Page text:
WASHINGTON (UPDATE 7/9/12 3:45 p.m. ET)--Taking what it might consider to be a one-two punch against the confusion that can surround consumers during the mortgage origination process, the Consumer Financial Protection Bureau (CFPB) Monday proposed a new, simplified mortgage disclosure form and also proposed to expand protections afforded consumers who take out mortgages that are considered "high cost."

Credit Union National Association (CUNA) Deputy General Counsel said CUNA will provide a summary of the extensive CFPB documents this week.

The CFPB's revised disclosure form combines the lengthy, duplicative, and, many say, confusing disclosure requirements under the Real Estate Settlement Procedures Act and the Truth in Lending Act into a single, more readable document.

"When making what is likely the biggest purchase of their life, consumers should be looking at paperwork that clearly lays out the terms of the deal," said CFPB Director Richard Cordray in a release.

"Our proposed redesign of the federal mortgage forms provides much-needed transparency in the mortgage market and gives consumers greater power over the exciting and daunting process of buying a home."

The proposed forms, which consumers will receive after applying for a loan and before closing, are part of the CFPB's Know Before You Owe mortgage project. Regulators spent more than a year researching the changes, as well as testing,  writing, and reviewing the proposal before its public unveiling.

The agency lists the following as the key improvements of the revised form:

  • Simpler than the old forms. Consumers can understand and compare different mortgages more effectively, and examine their estimated and final terms and costs more easily, helping them make the right decisions for themselves and their families.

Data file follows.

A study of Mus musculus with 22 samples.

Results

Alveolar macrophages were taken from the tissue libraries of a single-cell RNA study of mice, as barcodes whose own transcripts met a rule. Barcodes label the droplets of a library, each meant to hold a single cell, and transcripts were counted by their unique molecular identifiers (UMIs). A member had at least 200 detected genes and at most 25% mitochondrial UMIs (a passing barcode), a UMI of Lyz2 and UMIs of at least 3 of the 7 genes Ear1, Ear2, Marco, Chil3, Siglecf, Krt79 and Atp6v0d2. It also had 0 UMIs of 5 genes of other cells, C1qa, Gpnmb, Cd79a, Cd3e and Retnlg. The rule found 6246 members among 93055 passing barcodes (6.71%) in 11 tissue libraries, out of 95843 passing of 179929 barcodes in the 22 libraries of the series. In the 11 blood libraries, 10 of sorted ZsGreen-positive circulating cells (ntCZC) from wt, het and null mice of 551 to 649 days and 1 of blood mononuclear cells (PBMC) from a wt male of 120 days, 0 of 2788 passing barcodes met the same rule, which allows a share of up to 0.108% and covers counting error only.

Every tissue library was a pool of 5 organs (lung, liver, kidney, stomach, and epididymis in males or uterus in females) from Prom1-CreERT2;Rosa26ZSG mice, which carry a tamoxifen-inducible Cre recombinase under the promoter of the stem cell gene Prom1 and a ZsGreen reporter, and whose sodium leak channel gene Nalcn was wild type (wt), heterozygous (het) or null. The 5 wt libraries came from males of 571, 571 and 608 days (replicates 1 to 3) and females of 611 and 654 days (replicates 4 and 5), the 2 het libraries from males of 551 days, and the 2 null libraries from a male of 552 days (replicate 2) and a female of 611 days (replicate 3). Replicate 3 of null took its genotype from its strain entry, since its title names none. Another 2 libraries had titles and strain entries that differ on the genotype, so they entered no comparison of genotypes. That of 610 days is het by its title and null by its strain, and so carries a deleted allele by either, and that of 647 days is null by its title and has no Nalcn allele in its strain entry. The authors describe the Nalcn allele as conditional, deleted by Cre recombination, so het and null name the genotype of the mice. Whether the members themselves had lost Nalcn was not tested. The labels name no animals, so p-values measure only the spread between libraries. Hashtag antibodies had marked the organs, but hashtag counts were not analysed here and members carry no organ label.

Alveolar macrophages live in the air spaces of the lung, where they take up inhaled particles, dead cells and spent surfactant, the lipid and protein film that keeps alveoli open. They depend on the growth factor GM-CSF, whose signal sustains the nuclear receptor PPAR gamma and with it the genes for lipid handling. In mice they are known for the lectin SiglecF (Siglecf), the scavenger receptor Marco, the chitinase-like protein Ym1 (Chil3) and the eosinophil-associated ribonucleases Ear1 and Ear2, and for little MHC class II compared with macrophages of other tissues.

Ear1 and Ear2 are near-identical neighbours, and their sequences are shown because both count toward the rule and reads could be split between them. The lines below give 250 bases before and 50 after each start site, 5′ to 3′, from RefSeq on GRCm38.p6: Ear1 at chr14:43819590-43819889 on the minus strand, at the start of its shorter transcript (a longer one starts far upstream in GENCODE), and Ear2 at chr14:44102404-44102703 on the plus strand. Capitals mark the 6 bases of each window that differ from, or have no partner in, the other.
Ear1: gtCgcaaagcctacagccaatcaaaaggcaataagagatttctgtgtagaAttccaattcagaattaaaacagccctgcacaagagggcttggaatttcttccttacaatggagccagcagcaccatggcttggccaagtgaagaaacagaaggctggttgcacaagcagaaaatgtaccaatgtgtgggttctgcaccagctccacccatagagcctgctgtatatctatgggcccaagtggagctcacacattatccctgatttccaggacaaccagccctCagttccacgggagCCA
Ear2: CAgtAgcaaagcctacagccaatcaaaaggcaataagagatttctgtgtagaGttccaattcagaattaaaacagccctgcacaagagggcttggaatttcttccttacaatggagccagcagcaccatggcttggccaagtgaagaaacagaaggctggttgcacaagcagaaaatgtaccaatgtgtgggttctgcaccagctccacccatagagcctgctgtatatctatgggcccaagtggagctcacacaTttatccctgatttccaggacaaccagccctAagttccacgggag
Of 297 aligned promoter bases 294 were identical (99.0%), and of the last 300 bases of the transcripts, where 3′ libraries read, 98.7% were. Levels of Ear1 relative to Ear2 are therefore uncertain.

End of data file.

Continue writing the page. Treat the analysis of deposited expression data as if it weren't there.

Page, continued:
• Highlights information consumers need. Interest rates, monthly payments, the loan amount, and closing costs are all right there on the first page of the CFPB proposed form. Also, the first page explains how the interest rates, payments, and loan amount might change over the life of the loan, including the highest they can go. In addition, the forms offer more information about taxes, insurance, and other property costs so consumers can better understand the total cost.
  • Easier to look out for risks. The forms provide clear warnings about features some consumers may want to avoid, such as prepayment penalties and an increase in the loan balance (negative amortization). The proposed rule also contains provisions to make estimates more reliable. And because the proposed rule requires lenders to keep electronic copies of the forms they give to consumers, industry and regulators will be able to address compliance questions more easily.
  • More time to consider choices. Lenders must give the Loan Estimate to consumers within three business days of applying for a loan and consumers must receive the Closing Disclosure at least three business days before closing on a loan. This will allow consumers to decide whether to go ahead with the loan and whether they are getting what they expected.
  • Limits on closing cost increases. The proposed rule would restrict circumstances in which consumers can be required to pay more for settlement services than the amount stated on their Loan Estimate.
Regarding consumer protections for high-cost mortgages, the CFPB proposed to extend protections under the Home Ownership and Equity Protection Act, as mandated by the Dodd-Frank Act.

The CFPB's proposal would:

  • Ban potentially risky features. For mortgages that qualify as high-cost based on their interest rates, points and fees, or prepayment penalties, the proposed rule would generally ban balloon payments (a large, lump sum payment usually due at the end of the loan), and would completely ban prepayment penalties.
  • Ban and limit certain fees. The CFPB's proposed rule would ban fees for modifying loans, cap late fees, and restrict the charging of fees when consumers ask for a payoff statement (a document that tells borrowers how much they need to pay off the loan).
  • Require housing counseling for high-cost mortgages. The proposed rule would require consumers to receive housing counseling before taking out a high-cost mortgage. In addition, the CFPB's proposal would implement TILA counseling requirements for first-time borrowers taking out certain mortgage loans that permit negative amortization. The proposal would also implement an amendment to RESPA to generally require that a list of housing counselors or counseling organizations be provided to all mortgage applicants.
Comments will be accepted by the CFPR on its high-cost loan proposal until Sept. 7.  That is also the comment deadline for sections 1026.1 (c) and 1026.4 of the TILA-RESPA disclosure plan.  For the rest of that proposal, CFPB will accept comments until Nov. 6.

CUNA, with its Consumer Protection Subcommittee and Housing Finance Reform Task Force, will be analyzing both CFPB proposals and drafting CUNA comment letters.